Throughout history the term dialectic has had many  meanings and begotten many controversies. The resulting confusion disgusted many people. Large numbers figured that, if logicians spent their days arguing and quibbling and spinning incomprehensible conjurations, then why bother with logic or dialectics at all? Without any particular conscious design, this aversion to dialectics and logic created a tendency to pass over the subject.

In the United States today (1975) many well-educated people have never encountered dialectic in an intellectual sense and are unaware of the rich history of the term. This creates a certain naivete. When the term dialectic is used, even by modern intellectuals, one can never know whether they are innocently throwing in the term because it is stylish, or whether they are using it with understanding and refer to one of the historical meanings. Even if the term is intentionally used, we’re still in the dark as to which  historical meaning is implied. Janov says in  the “Primal Scream”,

“Feeling is the antithesis of Pain. The dialectic of the Primal method is that the more Pains one feels, the less pain one suffers.”[76]

Will Durant says in The Story of Philosophy,

“...the Jesuits gave him [Voltaire] the very instrument of skepticism by teaching him dialectics-the art of proving anything, and therefore at last the habit of believing nothing.”[77]

Benedict M. Ashley, O.P, said in “The Arts of Learning and Communication”,

“The art of storytelling is called poetics, the art of discussion and inquiry is called dialectics, and the art of persuasion is called rhetoric.”[78]

Norman O. Brown in “””Life Against Death” states,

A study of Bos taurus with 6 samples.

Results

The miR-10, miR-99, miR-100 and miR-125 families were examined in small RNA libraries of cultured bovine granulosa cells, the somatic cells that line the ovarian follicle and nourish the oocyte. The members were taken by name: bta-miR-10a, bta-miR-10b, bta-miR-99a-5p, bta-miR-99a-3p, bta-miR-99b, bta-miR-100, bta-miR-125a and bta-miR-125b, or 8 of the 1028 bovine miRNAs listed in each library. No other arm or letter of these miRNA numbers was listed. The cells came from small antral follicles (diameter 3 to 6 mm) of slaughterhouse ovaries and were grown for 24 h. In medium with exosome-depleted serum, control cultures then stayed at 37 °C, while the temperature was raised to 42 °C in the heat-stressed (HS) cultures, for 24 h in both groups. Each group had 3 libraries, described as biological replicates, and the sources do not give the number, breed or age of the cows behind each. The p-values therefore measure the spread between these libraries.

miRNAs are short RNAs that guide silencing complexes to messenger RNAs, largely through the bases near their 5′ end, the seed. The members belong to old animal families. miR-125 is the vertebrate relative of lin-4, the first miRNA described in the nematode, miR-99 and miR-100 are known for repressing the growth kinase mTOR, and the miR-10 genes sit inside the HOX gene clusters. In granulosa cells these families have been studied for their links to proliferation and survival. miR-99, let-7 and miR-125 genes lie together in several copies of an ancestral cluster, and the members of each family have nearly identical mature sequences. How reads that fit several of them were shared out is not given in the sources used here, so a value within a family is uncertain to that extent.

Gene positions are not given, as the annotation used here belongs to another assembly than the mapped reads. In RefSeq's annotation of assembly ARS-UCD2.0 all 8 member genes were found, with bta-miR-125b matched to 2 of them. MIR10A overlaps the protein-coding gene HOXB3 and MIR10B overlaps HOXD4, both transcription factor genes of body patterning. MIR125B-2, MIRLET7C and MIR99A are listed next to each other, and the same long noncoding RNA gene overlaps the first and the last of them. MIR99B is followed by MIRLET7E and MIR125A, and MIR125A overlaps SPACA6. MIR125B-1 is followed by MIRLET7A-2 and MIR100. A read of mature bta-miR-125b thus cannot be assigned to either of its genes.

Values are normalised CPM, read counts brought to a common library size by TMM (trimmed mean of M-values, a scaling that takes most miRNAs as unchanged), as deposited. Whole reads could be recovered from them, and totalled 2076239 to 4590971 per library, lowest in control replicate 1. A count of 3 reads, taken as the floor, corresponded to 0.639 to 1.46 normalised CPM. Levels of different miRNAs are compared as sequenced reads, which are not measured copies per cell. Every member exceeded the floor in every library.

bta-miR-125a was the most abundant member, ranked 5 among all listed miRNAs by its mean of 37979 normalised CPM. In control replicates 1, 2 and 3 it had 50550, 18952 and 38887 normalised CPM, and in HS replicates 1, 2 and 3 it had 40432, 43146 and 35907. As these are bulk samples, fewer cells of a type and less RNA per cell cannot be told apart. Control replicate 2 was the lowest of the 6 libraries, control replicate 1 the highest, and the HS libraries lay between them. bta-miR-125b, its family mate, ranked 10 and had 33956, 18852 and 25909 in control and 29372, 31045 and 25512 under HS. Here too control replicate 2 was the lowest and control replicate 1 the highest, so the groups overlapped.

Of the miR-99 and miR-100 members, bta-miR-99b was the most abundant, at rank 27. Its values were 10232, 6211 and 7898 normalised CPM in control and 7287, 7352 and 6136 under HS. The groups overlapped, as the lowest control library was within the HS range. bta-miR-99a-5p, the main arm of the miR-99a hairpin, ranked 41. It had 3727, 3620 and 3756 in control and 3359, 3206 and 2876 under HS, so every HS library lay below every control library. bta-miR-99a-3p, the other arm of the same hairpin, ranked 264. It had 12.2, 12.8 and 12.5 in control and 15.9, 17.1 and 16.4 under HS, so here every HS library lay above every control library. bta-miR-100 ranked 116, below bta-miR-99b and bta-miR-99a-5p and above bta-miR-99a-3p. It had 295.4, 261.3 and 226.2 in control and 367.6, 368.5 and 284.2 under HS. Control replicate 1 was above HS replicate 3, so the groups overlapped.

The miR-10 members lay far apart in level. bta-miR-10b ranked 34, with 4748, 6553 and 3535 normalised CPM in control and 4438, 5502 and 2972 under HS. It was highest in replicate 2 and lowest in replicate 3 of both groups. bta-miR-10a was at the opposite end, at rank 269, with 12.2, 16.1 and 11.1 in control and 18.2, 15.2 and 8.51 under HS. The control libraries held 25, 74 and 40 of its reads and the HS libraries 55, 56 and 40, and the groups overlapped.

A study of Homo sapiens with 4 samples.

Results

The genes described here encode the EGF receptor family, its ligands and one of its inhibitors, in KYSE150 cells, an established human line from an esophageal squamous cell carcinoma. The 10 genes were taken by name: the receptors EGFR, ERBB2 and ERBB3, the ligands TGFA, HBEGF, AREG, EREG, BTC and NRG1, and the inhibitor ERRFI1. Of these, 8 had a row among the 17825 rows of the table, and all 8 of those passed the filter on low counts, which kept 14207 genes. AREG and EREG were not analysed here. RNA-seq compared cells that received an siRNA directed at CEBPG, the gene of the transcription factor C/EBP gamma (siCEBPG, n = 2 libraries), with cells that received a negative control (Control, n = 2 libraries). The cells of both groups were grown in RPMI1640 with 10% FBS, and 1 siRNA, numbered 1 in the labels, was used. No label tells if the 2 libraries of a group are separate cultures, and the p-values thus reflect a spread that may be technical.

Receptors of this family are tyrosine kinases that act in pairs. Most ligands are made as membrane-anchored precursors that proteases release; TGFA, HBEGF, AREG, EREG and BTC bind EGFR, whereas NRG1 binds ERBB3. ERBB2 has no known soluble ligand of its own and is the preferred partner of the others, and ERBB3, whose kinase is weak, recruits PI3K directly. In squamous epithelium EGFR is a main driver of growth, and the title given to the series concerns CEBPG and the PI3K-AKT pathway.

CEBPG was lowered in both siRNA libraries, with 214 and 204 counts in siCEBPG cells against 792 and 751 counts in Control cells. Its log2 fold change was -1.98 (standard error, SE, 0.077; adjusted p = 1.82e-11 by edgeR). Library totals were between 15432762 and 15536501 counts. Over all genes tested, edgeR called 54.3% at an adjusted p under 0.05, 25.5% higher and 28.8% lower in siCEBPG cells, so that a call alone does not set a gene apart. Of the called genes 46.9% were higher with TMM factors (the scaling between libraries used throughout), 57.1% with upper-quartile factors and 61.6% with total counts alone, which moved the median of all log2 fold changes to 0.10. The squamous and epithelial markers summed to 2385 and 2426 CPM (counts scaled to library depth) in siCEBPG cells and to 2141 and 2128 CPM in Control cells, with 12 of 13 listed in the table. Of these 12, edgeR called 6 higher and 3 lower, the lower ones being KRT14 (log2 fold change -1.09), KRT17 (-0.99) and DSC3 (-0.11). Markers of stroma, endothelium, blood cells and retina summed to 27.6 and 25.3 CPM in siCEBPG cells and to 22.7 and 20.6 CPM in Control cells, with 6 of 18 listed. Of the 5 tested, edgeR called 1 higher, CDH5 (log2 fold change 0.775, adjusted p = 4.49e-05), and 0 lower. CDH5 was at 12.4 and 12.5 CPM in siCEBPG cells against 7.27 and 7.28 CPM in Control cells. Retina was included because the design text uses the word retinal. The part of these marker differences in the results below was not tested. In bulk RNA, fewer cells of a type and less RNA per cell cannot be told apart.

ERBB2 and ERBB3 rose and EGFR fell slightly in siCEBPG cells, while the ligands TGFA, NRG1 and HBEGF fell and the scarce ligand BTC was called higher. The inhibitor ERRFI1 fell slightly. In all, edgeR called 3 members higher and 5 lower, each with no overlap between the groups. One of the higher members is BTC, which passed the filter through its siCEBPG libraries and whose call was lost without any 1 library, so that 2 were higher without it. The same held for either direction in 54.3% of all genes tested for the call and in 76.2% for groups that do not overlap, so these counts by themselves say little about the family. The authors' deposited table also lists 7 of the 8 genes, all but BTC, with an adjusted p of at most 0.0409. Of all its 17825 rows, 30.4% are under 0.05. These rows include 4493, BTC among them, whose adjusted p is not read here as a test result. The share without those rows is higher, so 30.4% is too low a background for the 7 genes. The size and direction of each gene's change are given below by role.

“It was a surprise to perceive, in the course of this study (a study of Freud), affinities not generally recognized:  First Freud’s methodologized affinity with the heretical tradition in logic that can be labeled dialectical, second, his doctrinal affinity with a certain tradition of mystic heresy of which the most important modern representative is Jacob Boehme.[79]

All of the men quoted above could be called modern writers and yet they all seem to mean something different by the term dialectic. In today’s writing (1975), the dialectic has not shed its old meanings as it adopted the new. Rather a variety of  meanings, many of them oppositional to each other operate side by side. When a modern writer speaks of dialectic and also speaks of “revolution”, one is perpetually in doubt as to which dialectic he means and what kind of revolution he has in mind.

In the light of the revolutionary connotations the term dialectic can convey, this confusion of meaning can seriously cloud vital issues. Hegel claimed his Dialectic was a new logic, and higher consciousness, and new reason and a new way to think.  What relation does Hegel’s “new” reason bear to the “new” reason advocated by many English writers in the Twentieth Century? 

The answer to  this question can be found by discovering what relation a theory of rationality, whether old or new, bears to the basic rules of right reason as traditionally supposed in Western philosophy. A theory that accepts the basic rules of common sense will not be a radical dialectic no matter how “new” it claims to be. A truly root change will come in our society when we adopt a logic that rejects the basic rules of common sense, no matter  what name it is given. A dialectical reason can oppose common sense reason and throw a society into a revolution or it can be a common sense reason and unite people into a community of conversation. A definition of reason can raise a flag or lower it.